Meet the business world’s riskiest user
A new report from Intermedia of some 2,000+ office workers has some surprising findings regarding corporate risk and security.
Intermedia’s 2015 Insider Risk Report, https://www.intermedia.net/report/riskiestusers, indicates that despite conventional wisdom, the most tech-savvy employees are the ones most likely to create risk.
The survey revealed that 97 per cent of employees have access to some form of sensitive or confidential information. Almost all of those, some 93 per cent, admit to engaging in at least one form of poor data security.
Technical workers were the biggest offenders. The survey indicated that 65% of IT professionals share web logins with multiple users versus 46% of all respondents.
Forty per cent of IT professionals thought it was acceptable to install applications without consulting IT compared to just 28% of everyone.
Shockingly some 28% of IT pros admit to accessing systems belonging to previous employers compared to just 13% of all respondents.
Despite growing up with tech, Millennials (18-34) far outdistanced older groups in bad security habits. Twenty eight per cent of the group admit to saving business files for personal cloud storage as compared with 16% of Gen Xers (35-54) and just 10% for Baby Boomers (55+).
Forty one per cent of Millennials think it is appropriate to install applications on their work computer without consulting IT. Twenty three per cent would also steal company data if they thought it would benefit them.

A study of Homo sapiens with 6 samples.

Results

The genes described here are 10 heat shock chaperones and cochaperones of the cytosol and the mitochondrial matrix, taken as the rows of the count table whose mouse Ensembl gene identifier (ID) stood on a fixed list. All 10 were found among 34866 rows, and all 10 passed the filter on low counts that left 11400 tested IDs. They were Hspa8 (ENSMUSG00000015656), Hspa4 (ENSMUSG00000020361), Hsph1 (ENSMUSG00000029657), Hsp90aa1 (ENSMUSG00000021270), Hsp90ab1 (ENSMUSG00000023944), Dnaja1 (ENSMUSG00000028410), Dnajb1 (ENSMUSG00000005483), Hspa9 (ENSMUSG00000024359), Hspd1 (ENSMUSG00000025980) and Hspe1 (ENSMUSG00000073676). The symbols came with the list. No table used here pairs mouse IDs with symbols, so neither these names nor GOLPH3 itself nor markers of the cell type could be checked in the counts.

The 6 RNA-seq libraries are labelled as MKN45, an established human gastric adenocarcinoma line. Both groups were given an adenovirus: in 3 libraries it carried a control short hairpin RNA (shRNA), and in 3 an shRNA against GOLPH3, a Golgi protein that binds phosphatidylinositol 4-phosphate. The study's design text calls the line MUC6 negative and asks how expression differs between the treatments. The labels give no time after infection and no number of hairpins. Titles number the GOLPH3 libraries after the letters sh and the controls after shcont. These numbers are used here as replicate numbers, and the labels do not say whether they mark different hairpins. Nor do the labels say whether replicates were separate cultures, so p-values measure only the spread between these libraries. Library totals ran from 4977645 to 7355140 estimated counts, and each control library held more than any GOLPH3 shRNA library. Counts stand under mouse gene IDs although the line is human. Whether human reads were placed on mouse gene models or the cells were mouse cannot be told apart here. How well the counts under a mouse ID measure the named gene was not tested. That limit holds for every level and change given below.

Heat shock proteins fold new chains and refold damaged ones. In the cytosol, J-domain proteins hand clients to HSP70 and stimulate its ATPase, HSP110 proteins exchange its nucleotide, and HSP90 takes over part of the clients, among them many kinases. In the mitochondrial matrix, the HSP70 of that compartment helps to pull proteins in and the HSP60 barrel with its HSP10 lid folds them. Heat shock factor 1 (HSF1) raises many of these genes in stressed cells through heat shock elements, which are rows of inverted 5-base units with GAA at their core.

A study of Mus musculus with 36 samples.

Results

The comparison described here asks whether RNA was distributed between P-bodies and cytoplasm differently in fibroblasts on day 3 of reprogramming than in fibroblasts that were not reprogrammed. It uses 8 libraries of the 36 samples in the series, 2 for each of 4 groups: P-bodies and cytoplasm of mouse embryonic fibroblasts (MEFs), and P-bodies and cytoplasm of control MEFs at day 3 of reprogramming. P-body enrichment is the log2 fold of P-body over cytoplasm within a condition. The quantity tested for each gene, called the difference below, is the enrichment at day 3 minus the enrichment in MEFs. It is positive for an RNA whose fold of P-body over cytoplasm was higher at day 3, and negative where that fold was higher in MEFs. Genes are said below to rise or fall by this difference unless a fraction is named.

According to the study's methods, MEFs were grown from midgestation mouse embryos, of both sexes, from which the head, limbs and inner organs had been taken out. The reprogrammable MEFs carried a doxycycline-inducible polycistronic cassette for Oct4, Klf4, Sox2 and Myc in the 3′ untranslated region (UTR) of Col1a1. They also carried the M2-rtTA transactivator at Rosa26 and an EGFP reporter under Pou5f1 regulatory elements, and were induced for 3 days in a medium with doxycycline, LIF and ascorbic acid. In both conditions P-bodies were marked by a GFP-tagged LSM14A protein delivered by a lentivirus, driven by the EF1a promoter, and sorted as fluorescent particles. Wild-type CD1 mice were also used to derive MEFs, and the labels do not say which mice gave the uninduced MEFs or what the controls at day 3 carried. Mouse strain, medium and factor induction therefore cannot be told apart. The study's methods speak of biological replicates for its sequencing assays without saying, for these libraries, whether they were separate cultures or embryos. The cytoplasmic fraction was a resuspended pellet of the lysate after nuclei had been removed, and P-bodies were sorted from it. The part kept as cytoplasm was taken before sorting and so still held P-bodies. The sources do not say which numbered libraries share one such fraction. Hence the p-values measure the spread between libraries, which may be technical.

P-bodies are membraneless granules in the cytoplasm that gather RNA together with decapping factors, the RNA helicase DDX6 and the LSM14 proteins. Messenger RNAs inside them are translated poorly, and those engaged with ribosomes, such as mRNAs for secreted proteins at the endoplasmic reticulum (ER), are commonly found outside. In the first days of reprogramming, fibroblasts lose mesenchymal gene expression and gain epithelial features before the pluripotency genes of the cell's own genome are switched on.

Length of employment also plays a role in security as longer term workers tend to take more risks. The longer a worker has been employed at a company the more likely he or she is to have mixed business with personal data.
The survey indicated 42% of experienced workers use their personal passwords for business as compared with 36% of new employees. The group also had a wide margin over newer employees of keeping hard copies of passwords, sharing passwords, and installing applications for free or paid web apps on their work computer without consulting IT.
“It’s just human nature. The longer you’ve been in a profession, the more you tend to relax your guard. You grow apathetic,” said Eric Aguado, COO of ThrottleNet, a St. Louis based IT consulting firm.
Among all industries, IT firms had the most employees most likely to steal, alter or secretly deploy web apps. Management consulting and business consulting were tied for second with regards to those sharing passwords and logins at work.
The report also indicated that medium and larger companies had more data abuse than smaller firms despite having more security training than their smaller counterparts.
The survey took place August 4 through August 6, 2015. It involved a ten minute online survey instrument. Among 2031 respondents, 1022 were in the United Kingdom and 1009 in the United States. For additional information visit intermedia.net/report/riskiestusers.